About the City
Progressive, beautiful and eminently livable, Copenhagen constantly gives the world reason anew to marvel at Northern Europe. Denmark’s capital has traditionally enjoyed a low profile, but as it grows in population, courts cutting-edge businesses, and facilitates a link between itself and neighboring Sweden, it increases in prominence and demands attention from business and leisure circles alike.
Originally a fishing village, Copenhagen evolved into a major port of trade after being fortified in 1167. In 1660, then, it became a royal city, when Frederik III declared himself absolute monarch. His father, Christian IV, had been a proponent of culture and made great strides in bolstering the city architecturally. It’s from this era that such landmarks as the Rundetårn (Round Tower) and the Børsen (Stock Exchange) date. In the 18th century, two devastating fires forever altered the landscape of the city, destroying as much as two-thirds of it. Even with such injury, Copenhagen managed to hold onto its character. Now, its charming medieval layout and well-proportioned buildings impart the capital with plenty of Old World appeal.
Today, as in past centuries, a location at the entrance to the Baltic Sea places Copenhagen at a commercial crossroads. The city sits partially on Denmark’s largest island, Zealand, and partially on Amager, another island that rests in the Øresund, a busy waterway separating Denmark from Sweden.
In 2000, the strait between the two countries was permanently bridged, and now, the nations are only minutes away from each other — another boon to international trade and tourism.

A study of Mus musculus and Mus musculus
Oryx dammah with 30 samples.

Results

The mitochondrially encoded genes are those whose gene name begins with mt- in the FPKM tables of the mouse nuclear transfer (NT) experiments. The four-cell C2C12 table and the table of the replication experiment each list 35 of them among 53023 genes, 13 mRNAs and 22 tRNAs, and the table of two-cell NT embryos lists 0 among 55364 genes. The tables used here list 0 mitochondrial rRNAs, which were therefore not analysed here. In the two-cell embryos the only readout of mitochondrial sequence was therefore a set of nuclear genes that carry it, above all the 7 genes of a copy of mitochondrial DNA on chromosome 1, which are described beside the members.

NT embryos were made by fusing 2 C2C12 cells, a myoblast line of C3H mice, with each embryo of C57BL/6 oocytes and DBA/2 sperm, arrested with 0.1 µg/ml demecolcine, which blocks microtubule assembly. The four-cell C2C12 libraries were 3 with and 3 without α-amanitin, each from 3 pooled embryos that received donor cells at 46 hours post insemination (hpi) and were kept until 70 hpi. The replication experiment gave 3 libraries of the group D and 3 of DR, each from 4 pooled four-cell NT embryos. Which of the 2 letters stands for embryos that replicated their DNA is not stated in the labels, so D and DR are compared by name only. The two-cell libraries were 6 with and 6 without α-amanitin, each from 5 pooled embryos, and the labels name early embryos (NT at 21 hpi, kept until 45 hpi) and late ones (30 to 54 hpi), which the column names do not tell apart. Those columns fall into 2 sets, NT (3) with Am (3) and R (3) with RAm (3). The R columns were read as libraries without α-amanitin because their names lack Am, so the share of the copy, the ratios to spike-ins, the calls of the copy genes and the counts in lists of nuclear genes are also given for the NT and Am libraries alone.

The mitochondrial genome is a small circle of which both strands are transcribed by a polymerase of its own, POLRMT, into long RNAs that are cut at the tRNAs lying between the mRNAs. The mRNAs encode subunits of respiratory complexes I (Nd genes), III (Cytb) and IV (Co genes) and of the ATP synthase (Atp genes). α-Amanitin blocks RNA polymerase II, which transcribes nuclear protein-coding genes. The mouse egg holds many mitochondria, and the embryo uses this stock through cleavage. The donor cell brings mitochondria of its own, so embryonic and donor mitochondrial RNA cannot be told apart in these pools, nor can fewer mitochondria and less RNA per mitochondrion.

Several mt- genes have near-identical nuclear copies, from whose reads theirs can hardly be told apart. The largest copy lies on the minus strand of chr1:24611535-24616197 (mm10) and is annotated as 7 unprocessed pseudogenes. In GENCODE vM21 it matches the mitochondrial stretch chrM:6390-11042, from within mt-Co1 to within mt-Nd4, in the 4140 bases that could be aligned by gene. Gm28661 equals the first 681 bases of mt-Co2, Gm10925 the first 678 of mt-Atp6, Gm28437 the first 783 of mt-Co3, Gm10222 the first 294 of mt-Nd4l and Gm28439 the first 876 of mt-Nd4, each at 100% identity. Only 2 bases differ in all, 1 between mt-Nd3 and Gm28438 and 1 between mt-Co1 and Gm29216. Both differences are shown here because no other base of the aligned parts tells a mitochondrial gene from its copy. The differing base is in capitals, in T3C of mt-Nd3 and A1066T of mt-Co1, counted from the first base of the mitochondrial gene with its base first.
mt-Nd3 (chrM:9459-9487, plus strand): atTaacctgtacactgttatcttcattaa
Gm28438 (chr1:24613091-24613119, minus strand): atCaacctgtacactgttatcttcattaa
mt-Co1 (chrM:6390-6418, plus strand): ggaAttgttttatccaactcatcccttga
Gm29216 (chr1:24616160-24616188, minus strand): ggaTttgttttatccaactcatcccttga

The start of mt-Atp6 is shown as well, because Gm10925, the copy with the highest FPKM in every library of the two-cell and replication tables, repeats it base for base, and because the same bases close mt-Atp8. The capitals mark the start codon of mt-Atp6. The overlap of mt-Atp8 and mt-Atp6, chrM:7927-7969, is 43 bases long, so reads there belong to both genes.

While commerce has long been a Copenhagen strength, in recent years, the composition of business has changed. While traditional industries included machinery and ship metalworking, biochemistry and communications now rank among the area’s high-profile fields. In addition, major corporations flock to the city to establish European headquarters, especially companies like Dell and Nokia. On the luxury front, notable Danish products include beer, furniture, porcelain, and silver.
Quality of Life
Aside from industry, Copenhagen caters to quality-of-life pleasures. The city’s compact, easily-navigated center welcomes visitors and residents, plying them with incredible architecture, enticing restaurants, and convivial bars and clubs. Underlying all the physical appeal is a wide-reaching Danish hospitality that puts tourists immediately at ease. Folks are quick to offer assistance and proudly introduce new-comers to classic Scandinavian cuisine, clean-lined Danish design, and singular treasures like Tivoli (the city’s signature amusement park) and the Rundetårn, which offers awesome city views.
And although Copenhagen doesn’t make a dramatic show of flash and spectacle, it boasts something much more attractive — an authenticity of spirit and joy in living that are practically tangible. You only need stroll through the city, lounge in a park, shop along Strøget, or relax in a café to see the pleasure Copenhagen’s people carry with them daily. It’s the same sort of fairy-tale excitement that native son Hans Christian Andersen cultivated in his stories of magic and reconciliation, which are still being read and enjoyed decades later.
So, while Copenhagen isn’t as well-known a destination as more grandiose Continental capitals, it’s a terrific place to experience northern Europe’s allure. Efficient, clean and fun, it links the cosmopolitan flair of Scandinavia’s largest city to the village-like charm of an easy-going northern town with character to spare and nothing but promise ahead.